Forgotten Gothic-style cemetery of N. Greece (photos)

Relics buried in northern Greece’s religious past…

The closest remnant of Gothic style in modern Greece is at Nea Chalcedon, near the northern city of Thessaloniki.

The medieval graveyard of Aghia Eleoussa (St. Eleoussa) church, contains stone Gothic crosses marked with a circle created by the Bogomils, a dualist religious and political sect that was prominent in the Balkans from the 10th to the 15th century, particularly in present-day Bosnia.

Between 15-20 Celtic crosses, covered in moss, rise from the ground to a height of 2 meters. Gaping holes beneath the graveyards are remnants of the gravediggers who passed through the area over previous centuries.93040695

Eleventh-century ecclesiastical writer Euthymius of Acmonia cites “outbreaks” of Bogomilism, considered a heresy in the Greek-speaking lands of Byzantium as well as in the Catholic West. Scholars suggest that one of the routes from where Bogomilism entered then medieval Greece was through the famous Via Egnatia, from Dyrrachium (modern-day Durres in Albania) in the west, through the breadth of the Balkans onto to Thrace and Constantinople in the east.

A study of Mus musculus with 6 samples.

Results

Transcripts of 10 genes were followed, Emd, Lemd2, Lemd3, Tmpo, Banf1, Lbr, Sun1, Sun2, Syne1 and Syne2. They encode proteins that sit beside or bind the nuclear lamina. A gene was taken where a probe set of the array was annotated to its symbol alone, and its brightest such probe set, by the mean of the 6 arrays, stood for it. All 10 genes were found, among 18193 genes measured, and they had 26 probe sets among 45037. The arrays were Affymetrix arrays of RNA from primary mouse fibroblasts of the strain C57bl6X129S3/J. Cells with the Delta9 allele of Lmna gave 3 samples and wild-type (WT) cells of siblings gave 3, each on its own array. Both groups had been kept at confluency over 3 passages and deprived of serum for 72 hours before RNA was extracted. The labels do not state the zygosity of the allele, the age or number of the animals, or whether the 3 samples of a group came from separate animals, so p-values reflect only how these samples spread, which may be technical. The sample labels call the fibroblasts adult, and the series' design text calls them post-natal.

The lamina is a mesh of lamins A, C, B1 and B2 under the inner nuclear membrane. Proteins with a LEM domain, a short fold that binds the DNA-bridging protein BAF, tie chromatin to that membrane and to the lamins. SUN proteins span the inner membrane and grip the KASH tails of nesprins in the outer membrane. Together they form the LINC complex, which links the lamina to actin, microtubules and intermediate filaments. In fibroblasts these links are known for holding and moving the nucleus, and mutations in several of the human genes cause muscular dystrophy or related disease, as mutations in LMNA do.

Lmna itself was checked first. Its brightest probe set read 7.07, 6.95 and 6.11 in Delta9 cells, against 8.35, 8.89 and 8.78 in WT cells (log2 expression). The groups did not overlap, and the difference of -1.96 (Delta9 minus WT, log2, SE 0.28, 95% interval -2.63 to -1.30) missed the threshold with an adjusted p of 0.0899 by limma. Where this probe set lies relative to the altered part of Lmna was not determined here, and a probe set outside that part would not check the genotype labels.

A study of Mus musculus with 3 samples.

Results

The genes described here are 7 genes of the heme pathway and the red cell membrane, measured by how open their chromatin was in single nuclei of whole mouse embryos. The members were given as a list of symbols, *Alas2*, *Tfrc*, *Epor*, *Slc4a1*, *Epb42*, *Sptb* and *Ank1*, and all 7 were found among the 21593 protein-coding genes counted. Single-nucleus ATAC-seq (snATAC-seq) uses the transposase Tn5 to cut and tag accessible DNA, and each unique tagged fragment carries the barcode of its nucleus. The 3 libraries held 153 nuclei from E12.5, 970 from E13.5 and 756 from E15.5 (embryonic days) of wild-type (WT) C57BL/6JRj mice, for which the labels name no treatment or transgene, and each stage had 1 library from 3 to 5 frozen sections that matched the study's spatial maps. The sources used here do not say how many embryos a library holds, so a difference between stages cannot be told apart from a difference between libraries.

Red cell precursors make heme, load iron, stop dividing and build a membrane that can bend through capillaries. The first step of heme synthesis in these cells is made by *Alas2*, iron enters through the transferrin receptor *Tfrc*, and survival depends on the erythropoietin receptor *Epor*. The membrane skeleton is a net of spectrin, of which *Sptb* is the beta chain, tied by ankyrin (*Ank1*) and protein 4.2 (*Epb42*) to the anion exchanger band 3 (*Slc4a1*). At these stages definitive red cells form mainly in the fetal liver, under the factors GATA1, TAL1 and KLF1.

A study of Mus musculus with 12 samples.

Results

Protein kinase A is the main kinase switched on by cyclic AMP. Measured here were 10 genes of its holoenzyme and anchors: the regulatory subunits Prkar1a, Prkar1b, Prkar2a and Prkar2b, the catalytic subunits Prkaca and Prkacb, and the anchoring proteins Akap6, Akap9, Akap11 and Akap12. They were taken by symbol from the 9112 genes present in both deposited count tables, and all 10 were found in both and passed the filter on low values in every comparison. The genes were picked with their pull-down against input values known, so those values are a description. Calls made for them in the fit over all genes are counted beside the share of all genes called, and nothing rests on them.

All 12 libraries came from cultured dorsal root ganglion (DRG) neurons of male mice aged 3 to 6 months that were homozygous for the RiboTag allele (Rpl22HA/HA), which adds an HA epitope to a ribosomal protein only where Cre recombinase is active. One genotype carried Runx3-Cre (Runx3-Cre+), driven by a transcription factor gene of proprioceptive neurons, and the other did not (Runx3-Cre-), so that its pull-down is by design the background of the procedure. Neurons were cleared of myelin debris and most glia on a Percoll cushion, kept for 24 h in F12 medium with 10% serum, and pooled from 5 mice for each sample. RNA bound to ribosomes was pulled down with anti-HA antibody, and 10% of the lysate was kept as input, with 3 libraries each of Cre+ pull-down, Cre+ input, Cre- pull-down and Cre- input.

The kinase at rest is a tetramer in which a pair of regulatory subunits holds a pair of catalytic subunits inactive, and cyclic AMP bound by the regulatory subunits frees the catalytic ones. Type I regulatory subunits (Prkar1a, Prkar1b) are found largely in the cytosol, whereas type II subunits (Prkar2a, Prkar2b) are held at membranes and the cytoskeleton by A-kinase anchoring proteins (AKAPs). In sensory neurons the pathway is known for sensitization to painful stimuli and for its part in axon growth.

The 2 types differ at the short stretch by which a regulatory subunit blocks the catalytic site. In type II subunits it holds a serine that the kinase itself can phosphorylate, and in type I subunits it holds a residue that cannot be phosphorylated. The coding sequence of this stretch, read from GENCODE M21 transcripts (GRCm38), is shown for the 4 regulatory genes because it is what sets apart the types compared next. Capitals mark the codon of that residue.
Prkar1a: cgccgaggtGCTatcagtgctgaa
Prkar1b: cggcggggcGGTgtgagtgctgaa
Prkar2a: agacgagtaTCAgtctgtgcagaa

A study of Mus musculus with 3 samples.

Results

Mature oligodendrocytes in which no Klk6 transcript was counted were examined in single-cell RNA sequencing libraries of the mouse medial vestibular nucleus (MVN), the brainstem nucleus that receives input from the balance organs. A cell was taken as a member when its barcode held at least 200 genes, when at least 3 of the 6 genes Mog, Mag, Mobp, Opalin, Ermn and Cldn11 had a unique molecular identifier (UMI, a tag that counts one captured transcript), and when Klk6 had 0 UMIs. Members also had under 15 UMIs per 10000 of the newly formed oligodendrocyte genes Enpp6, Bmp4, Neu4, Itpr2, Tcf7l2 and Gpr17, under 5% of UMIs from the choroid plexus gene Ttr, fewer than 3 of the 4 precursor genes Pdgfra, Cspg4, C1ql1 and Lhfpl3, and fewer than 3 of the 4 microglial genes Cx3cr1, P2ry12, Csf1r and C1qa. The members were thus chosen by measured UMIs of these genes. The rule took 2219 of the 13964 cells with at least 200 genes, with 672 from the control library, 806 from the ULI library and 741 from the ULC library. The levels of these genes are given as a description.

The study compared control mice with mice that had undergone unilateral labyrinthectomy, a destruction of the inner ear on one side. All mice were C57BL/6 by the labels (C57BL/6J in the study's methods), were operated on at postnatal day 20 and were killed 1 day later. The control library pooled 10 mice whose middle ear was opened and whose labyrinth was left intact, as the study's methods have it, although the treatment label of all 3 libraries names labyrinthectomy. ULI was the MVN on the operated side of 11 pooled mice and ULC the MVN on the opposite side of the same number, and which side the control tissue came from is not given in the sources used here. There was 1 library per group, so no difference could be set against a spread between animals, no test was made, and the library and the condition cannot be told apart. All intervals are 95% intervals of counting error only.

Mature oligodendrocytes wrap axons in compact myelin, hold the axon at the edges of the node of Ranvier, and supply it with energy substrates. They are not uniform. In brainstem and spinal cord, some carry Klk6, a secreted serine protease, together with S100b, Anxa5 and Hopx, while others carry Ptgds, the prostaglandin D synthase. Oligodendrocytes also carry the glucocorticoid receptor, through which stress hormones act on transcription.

Bogomils were dualistic and believed that the world was created by the fallen angel. The term Bogomil is a compound of the Slavic words for “god” – Bog amd Mil. They attributed the spiritual part of the world to God and the material part to Satan.


All that remains of them in modern-day Greece is this old forgotten cemetery.